Alongside improving the overall accuracy of hurricane warnings, the machine learning model may be better at providing real-time details on the hurricane’s progress.
Deploying machine learning to hurricane prediction ensembles could lower errors and improve medium-term (four to six-day) forecasts. That’s according to a new study by researchers at Penn State’s Institute for Computational and Data Sciences, the developers of the model.
Essentially, the model is
able to recognize patterns in the ensembles, while removing certain groups that
are erroneous. Through this, forecasters are able to understand the hurricane’s
path and potential far before the event, potentially saving homes and lives.
“The models are run slightly differently many, many times to create an ensemble of possible future states of the atmosphere. It’s this ensemble that is given to the forecasters,” said Jenni Evans, professor of meteorology and atmospheric science at Penn State.
“We’ve used advanced statistics and machine learning to try to break down 120 forecasts into between four and six clusters where each cluster represents a distinct prediction of the evolution of the storm from all of the other clusters.”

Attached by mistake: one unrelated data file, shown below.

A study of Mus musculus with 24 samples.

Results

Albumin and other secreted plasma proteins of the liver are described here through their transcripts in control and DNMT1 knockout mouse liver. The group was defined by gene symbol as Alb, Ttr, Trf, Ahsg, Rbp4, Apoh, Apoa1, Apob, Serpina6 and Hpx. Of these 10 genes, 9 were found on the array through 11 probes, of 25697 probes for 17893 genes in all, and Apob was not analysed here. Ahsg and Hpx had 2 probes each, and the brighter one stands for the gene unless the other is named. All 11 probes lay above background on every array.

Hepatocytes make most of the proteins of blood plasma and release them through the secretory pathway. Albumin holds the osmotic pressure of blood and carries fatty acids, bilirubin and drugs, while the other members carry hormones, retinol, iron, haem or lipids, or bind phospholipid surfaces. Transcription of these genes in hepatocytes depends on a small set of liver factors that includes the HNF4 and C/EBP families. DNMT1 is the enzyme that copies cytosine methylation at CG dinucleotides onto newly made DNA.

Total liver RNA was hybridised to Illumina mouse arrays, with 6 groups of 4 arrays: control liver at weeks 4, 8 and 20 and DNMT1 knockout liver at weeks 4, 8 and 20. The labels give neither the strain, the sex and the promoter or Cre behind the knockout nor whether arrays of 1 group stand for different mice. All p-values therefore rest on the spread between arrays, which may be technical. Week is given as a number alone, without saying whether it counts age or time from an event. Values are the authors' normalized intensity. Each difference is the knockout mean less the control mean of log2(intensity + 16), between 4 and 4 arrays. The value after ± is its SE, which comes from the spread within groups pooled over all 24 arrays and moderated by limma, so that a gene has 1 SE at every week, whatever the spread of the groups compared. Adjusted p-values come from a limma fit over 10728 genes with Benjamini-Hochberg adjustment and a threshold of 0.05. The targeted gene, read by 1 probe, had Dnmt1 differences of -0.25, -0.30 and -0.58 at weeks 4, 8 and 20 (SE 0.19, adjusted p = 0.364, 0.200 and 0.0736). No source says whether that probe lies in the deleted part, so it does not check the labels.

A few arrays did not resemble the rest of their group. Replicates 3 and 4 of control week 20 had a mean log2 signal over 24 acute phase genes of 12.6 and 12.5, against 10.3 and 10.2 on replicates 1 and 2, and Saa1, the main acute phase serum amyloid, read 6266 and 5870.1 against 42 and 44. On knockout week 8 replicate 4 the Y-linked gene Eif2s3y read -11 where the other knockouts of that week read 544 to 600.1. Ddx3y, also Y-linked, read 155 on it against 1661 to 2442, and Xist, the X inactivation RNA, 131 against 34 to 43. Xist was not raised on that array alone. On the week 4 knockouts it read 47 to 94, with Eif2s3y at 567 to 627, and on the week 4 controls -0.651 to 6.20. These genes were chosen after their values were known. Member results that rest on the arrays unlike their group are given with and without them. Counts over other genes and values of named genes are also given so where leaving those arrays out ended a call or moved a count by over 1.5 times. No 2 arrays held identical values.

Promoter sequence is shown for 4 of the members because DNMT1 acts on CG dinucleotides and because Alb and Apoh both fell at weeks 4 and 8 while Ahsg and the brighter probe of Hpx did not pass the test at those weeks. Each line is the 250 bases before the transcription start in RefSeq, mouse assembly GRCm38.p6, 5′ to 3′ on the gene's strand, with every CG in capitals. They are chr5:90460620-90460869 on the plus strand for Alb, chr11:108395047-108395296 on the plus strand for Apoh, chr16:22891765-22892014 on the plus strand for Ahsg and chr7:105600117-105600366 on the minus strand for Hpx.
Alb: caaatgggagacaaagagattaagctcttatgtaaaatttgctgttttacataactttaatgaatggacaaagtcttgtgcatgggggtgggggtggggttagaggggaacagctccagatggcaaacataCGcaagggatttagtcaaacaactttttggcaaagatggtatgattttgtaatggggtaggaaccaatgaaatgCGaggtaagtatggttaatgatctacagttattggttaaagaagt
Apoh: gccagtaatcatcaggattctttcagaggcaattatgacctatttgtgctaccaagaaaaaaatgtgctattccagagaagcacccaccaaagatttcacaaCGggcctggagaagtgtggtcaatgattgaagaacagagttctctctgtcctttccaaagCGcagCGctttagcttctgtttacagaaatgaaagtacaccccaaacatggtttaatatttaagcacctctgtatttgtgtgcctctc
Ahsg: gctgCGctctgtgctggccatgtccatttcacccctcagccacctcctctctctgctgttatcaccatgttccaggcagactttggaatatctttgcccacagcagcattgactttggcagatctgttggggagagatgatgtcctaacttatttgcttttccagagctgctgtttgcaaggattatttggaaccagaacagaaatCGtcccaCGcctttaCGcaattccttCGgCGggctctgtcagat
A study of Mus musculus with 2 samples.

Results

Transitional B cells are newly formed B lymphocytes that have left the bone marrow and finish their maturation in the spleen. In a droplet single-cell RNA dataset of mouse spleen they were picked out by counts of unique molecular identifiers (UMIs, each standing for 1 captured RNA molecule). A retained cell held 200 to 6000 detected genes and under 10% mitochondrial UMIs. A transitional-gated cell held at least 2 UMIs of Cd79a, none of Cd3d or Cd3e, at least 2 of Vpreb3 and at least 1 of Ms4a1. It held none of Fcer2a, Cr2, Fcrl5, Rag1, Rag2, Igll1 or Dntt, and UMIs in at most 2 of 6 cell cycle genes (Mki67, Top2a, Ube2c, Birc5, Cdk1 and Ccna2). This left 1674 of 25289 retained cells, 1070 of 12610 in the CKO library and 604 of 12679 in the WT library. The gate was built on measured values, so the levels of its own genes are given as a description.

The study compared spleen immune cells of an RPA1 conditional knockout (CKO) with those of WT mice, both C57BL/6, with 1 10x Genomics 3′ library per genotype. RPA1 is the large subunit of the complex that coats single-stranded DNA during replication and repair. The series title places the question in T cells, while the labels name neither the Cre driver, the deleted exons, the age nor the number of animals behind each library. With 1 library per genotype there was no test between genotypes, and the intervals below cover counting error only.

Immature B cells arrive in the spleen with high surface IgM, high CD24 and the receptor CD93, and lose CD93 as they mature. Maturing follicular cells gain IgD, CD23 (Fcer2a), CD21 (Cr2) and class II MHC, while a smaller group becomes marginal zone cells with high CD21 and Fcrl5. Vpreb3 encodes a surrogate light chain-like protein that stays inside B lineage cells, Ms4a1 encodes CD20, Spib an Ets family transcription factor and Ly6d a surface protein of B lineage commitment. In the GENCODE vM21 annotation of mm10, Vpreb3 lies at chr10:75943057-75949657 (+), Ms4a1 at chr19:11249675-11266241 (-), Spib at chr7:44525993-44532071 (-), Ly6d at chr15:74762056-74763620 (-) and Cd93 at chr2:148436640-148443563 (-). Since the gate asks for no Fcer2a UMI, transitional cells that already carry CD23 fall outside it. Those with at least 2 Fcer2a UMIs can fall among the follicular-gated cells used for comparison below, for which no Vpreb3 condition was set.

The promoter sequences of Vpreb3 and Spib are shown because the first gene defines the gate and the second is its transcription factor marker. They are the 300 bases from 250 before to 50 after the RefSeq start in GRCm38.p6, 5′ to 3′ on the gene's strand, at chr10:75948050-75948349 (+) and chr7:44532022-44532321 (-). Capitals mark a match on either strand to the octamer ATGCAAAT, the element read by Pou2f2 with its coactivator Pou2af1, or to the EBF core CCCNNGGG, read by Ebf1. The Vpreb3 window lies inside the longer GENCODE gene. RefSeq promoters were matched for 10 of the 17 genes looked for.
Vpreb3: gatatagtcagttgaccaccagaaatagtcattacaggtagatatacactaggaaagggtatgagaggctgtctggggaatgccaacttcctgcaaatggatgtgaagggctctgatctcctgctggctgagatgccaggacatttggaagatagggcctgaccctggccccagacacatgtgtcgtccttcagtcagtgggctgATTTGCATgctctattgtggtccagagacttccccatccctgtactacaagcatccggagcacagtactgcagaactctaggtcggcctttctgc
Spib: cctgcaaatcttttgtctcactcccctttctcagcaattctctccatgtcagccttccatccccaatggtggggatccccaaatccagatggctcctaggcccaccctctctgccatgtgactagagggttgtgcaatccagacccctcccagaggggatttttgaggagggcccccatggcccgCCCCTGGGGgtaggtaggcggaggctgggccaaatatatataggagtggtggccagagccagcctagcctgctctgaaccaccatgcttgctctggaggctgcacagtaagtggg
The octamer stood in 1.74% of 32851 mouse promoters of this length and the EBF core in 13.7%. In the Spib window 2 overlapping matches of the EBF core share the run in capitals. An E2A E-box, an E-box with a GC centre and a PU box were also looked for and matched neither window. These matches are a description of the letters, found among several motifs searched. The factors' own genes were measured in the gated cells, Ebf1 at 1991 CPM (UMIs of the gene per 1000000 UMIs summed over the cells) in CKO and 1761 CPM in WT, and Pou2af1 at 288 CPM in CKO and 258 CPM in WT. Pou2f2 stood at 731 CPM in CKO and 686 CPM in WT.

The team used data from tropical cyclones that occurred between 2017 and 2018, using data from the THROPEX Interactive Grand Global Ensemble, UK Met Office, EU centre for weather forecasts, and Canada’s ensemble prediction system.
Alongside improving the
overall accuracy of hurricane warnings, the machine learning model may be
better at providing real-time details on the hurricane’s progress and any changes
in velocity. This could be brought down to a much more granular level,
providing individual homeowners with clear optics on the hurricane’s trajectory.
“These storms are generally more difficult to predict because their environment changes so much through their lifetime,” said Evans.
“If you look at the current models, they’re imperfect because you can’t see every [piece of information], and we also know that how we represent some of that information is imperfect. But, when you are facing a hurricane, it’s important to know what type of storm you’re going to get – and when you’re going to get it.”